Long before Neolithic people erected Stonehenge’s majestic bluestones and sarsen stones, Mesolithic, or Middle Stone Age hunter-gatherers frequented the site, using it as a hunting ground. Later, farmers and monument builders moved into the region, a new study finds.
Earlier research had suggested that before Stonehenge was built, the surrounding landscape included a closed-canopy forest. “There has been a long-running debate as to whether the monumental archaeology of Stonehenge was created in an uninhabited forested landscape or whether it was constructed in an already partly open area of pre-existing significance to late Mesolithic hunter-gatherers,” the researchers wrote in the study.
Now, the new research shows that the area was historically an open woodland where large herbivores such as aurochs, an extinct cattle species, once grazed. Given the site’s high use over time, it’s likely that there was continuity between the Mesolithic hunter-gatherers and the Neolithic, or New Stone Age monument builders, the researchers said.
In other words, it’s not as if Stonehenge’s builders suddenly “discovered” the site for the first time; rather, it appears that people had known about this spot for centuries.
Related: Why was Stonehenge built?
An early form of Stonehenge was built about 5,000 years ago, while the famous stone circle that still stands today was put together in the late Neolithic, around 2500 B.C., according to English Heritage, the U.K. trust that manages the site. Salisbury Plain, the plateau where Stonehenge sits, was considered a sacred area by ancient people, and holds evidence of older structures dating back as far back as 10,500 years ago.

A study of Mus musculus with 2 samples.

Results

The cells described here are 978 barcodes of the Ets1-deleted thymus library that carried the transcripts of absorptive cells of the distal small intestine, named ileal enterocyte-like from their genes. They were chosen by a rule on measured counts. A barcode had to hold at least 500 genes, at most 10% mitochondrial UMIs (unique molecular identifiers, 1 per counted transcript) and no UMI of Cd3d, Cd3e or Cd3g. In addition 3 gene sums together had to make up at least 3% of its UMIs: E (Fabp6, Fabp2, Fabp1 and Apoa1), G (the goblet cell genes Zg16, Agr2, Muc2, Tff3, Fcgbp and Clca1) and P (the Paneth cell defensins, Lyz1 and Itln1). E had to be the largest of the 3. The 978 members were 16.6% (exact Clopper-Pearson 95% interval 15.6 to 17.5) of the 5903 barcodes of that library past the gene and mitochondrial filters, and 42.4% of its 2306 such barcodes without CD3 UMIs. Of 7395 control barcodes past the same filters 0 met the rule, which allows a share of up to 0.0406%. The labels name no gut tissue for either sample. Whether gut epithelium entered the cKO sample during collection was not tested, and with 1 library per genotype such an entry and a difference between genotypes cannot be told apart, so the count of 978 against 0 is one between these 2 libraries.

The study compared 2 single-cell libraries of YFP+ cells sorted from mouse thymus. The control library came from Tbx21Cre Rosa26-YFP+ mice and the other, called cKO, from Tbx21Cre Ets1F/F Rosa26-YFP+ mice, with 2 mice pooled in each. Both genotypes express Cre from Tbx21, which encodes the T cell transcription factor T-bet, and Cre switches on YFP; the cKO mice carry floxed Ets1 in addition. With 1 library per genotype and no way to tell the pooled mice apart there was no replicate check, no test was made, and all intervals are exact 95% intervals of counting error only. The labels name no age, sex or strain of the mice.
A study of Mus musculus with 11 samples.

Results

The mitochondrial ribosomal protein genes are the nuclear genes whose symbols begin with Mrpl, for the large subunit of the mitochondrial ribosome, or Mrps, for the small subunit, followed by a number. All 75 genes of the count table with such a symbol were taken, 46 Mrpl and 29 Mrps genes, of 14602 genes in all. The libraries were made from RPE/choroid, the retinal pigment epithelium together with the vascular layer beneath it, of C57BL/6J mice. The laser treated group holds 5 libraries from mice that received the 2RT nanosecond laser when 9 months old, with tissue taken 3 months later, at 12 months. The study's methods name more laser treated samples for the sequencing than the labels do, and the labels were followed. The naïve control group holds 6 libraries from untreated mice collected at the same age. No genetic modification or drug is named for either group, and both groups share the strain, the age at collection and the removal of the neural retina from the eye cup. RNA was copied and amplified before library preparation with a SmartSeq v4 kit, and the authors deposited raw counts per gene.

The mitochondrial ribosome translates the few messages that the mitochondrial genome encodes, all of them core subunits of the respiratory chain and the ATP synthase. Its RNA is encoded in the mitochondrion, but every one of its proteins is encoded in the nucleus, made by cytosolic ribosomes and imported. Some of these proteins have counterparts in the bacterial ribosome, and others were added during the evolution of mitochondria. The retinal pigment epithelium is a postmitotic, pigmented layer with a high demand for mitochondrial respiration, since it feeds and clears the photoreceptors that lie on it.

The study centered around Blick Mead, an early hunter-gatherer spot on the edge of the Stonehenge World Heritage Site. Previous excavations of Blick Mead confirmed that Mesolithic people settled there prior to 8000 B.C., and the new research suggests that humans continued to use this area into the Neolithic period.
To investigate Blick Mead, Samuel Hudson, a researcher at the University of Southampton in the U.K., and colleagues dug a newly opened trench at the site and analyzed ancient pollen, spores and DNA, as well as animal remains, found within the samples to learn more about how ancient people used the land during the late Mesolithic, between 5200 B.C. and 4700 B.C.
Their analysis revealed that the area used to have damp meadow conditions that sat next to an open grassland with a deciduous woodland close by, the team wrote in the study. Wild animals would have grazed in those open fields, and hunter-gatherer communities that lived there 4,000 years prior to Stonehenge’s construction would have then hunted the grazers, the researchers found.
“The Stonehenge World Heritage Site is globally recognized for its rich Neolithic and Bronze Age monumental landscape, but little is known of its significance to Mesolithic populations,” the study’s authors said in a statement. But now it’s clear that “hunter-gatherers had already chosen part of this landscape, an alluvial clearing, as a persistent place for hunting and occupation.”
The study was published online April 27 in the journal PLOS One.
Originally published on Live Science.